What makes you happy? I’ve been thinking a lot about this question lately, mostly in a work context. Turmoil at the office has me thinking about what I want to be when I grow up. Yes, I know that by all reasonable measures I am a grown up, but I’ve always gone with the flow and let circumstances lead me rather than making real choices. Not really grown up behaviour. Circumstances have now led me to a place that makes me very uncomfortable, and I’ve realized need to take control.
When I think about what I want to do I draw a complete blank. The question seems so huge I can’t manage it. So I’m trying to frame the question differently; what makes me happy? The answer to that question tends to be little things. A Tuesday night with friends and wine.. my yellow rubber boots.. singing at the top of my lungs in the car. And a great meal with family. The kind where everyone is there, my cousins telling the most ridiculous stories, and all of us feeling stuffed beyond belief. A staple at these meals has always been lamb, one of my favourite things to eat. This doesn’t really solve my career issues, but having lamb for dinner Sunday night did make me feel a little better. The little things will always be there, no matter what goes on in the office.
My dad usually handles the lamb, but since I planned on blogging the recipe I decided to make it myself. I did go to him for guidance though, like should it be roasted with the fatty side up or down and how will I know when it’s done? The fatty side should be up, and there’s a pretty neat trick to figuring out if it’s done if you don’t have a meat thermometer. Press the thumb and index finger of your left hand together, now with your right hand poke the fleshy part of your thumb. That amount a give is what you would feel if you poked a piece of lamb that’s cooked rare. Press your thumb to your middle finger, and that amount of give is what you would feel from medium. The next finger over is well done. Or you could just use a thermometer.
Panko Crusted Rack of Lamb
(Adapted from Laura Calder and Gourmet)
- 1/2 cups panko
- 2 cloves garlic, minced
- 3 tbsp chopped parsley
- 1 tsp chopped fresh rosemary
- 1 tsp onion powder
- 1 tsp salt
- 1 tsp pepper
- 3 tbsp olive oil, divided
- 1 frenched rack of lamb (8 cutlets) at room temperature
- 4 tbsp Dijon mustard
- Preheat the oven to 425 F
- Mix the panko, garlic, parsley, rosemary, onion powder, and half the salt and pepper together. Stir in 2 tbsp olive oil to hold the mixture together. Set aside.
- Season the lamb with with the remaining salt and pepper. In a large skillet, heat the remaining tablespoon of oil till it just starts to smoke. Add the meat to the pan, browning on each side for 3 to 4 minutes. Remove the skillet. Cover the lamb with the Dijon, then press the panko mixture onto the mustard. Place the lamb on a rack in a roasting pan. Roast for 20 to 25 minutes for medium rare (130 F on an instant read thermometer). Cover with foil and let the meat rest for 10 minutes before slicing.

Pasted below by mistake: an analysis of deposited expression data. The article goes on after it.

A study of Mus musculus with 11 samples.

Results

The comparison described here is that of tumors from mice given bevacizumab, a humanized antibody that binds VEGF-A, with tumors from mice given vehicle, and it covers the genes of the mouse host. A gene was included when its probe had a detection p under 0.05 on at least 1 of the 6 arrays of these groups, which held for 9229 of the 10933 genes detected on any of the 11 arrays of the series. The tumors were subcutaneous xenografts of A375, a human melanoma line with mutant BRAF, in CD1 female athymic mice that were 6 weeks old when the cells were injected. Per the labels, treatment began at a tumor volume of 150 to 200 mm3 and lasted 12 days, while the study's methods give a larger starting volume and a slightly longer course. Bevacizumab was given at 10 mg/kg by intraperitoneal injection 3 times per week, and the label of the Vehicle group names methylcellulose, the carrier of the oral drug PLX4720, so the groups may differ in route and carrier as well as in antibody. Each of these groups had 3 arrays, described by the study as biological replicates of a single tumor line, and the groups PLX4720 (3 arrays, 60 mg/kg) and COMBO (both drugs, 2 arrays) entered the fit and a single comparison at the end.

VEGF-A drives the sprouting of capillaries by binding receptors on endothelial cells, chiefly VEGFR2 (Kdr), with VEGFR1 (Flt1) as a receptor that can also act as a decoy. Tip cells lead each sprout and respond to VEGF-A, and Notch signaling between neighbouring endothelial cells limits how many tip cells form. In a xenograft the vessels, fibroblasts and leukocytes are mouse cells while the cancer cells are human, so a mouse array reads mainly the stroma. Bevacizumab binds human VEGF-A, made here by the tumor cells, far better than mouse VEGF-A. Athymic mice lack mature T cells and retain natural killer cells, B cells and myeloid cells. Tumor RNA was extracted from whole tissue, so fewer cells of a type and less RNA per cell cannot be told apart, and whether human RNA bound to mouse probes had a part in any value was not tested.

31 thoughts on “Panko Crusted Rack of Lamb”
Wow! So beautiful! Great photo girl!
wow.. that looks incredible!
I absolutely love lamb — any way. And this looks absolutely perfect. Wish I would have been there. For my family, it was always a holiday, most often at Easter. Lamb in October? Great! (Good luck with your work choices.)
I love lamb more than words can say, and I am glad you got some instruction from your dad and blogged this. It looks so delicious!
What a special recipe. This looks amazing. I love lamb, too.
I love lamb’s rack and you’ve made it just the way I like it. You are amazing!
Wow that rack looks incredible! Lovely shot. I’m salivating over this.
That looks amazing! Great photography! I’d definitely serve this at a family dinner!
Yah… I looked at it again and I STILL love this recipe. I wish I had this infront of me right now! Sooo gooood!
That looks incredible and what a great trick on the testing doneness. It took me years to get a thermometer so I had to figure it out by feel.
Fantastic presentation on this classic lamb recipe.
The lamb is stunning and the trick for testing the doneness is really helpful! I also have been thinking recently about “what I want to be when I grow up” and to be honest, I don’t have a clue.
Love the Lamb. It looks great.
I loved the receipt I made it for Easter dinner and everyone love it
I’be tried a bunch of recipes for this dish and this is the best. Thank you.
I plan on making this for Easter and was wondering if the parsley is fresh or dried?
Loved this! I made this for Easter supper and got rave reviews. The only modifications I made were that I added fresh mint to the crust mixture. I also made 2 racks and propped them upright so the ribs were cross hatched which made for a beautiful presentation. It took closer to 30-35 minutes to reach 130* but that was likely because of the size (a little of 3lbs per rack). All in all, great recipe, thank you for sharing
I made this today for Easter. It is amazing! My only change was 2 Tbsp. of mustard. The first time I have made a rack of lamb. Wow, I felt like I was a real chef. So delicious! Thanks so much!
hi! if i were to make this ahead of time, could i sear the meat an hour before and crust it right before baking? thanks! robyn
Just used the recipe last evening on center cut lamb rib chops and found it to be delightedly delicious. Will definitely use this recipe again. Anxious to try on rolled boneless leg of lamb.
This was absolutely yummy, even our kids and husband was impressed. I did add all ingredients together and just smeared it all over the ribs. I didn’t have garlic so I used 1tsp garlic salt and still turned out great. I broiled it on high and covered with aluminum foil till almost done the uncovered to get crispy and then when done I recovered with aluminum foil to rest and then served.
Such an awesome recipe! And so easy!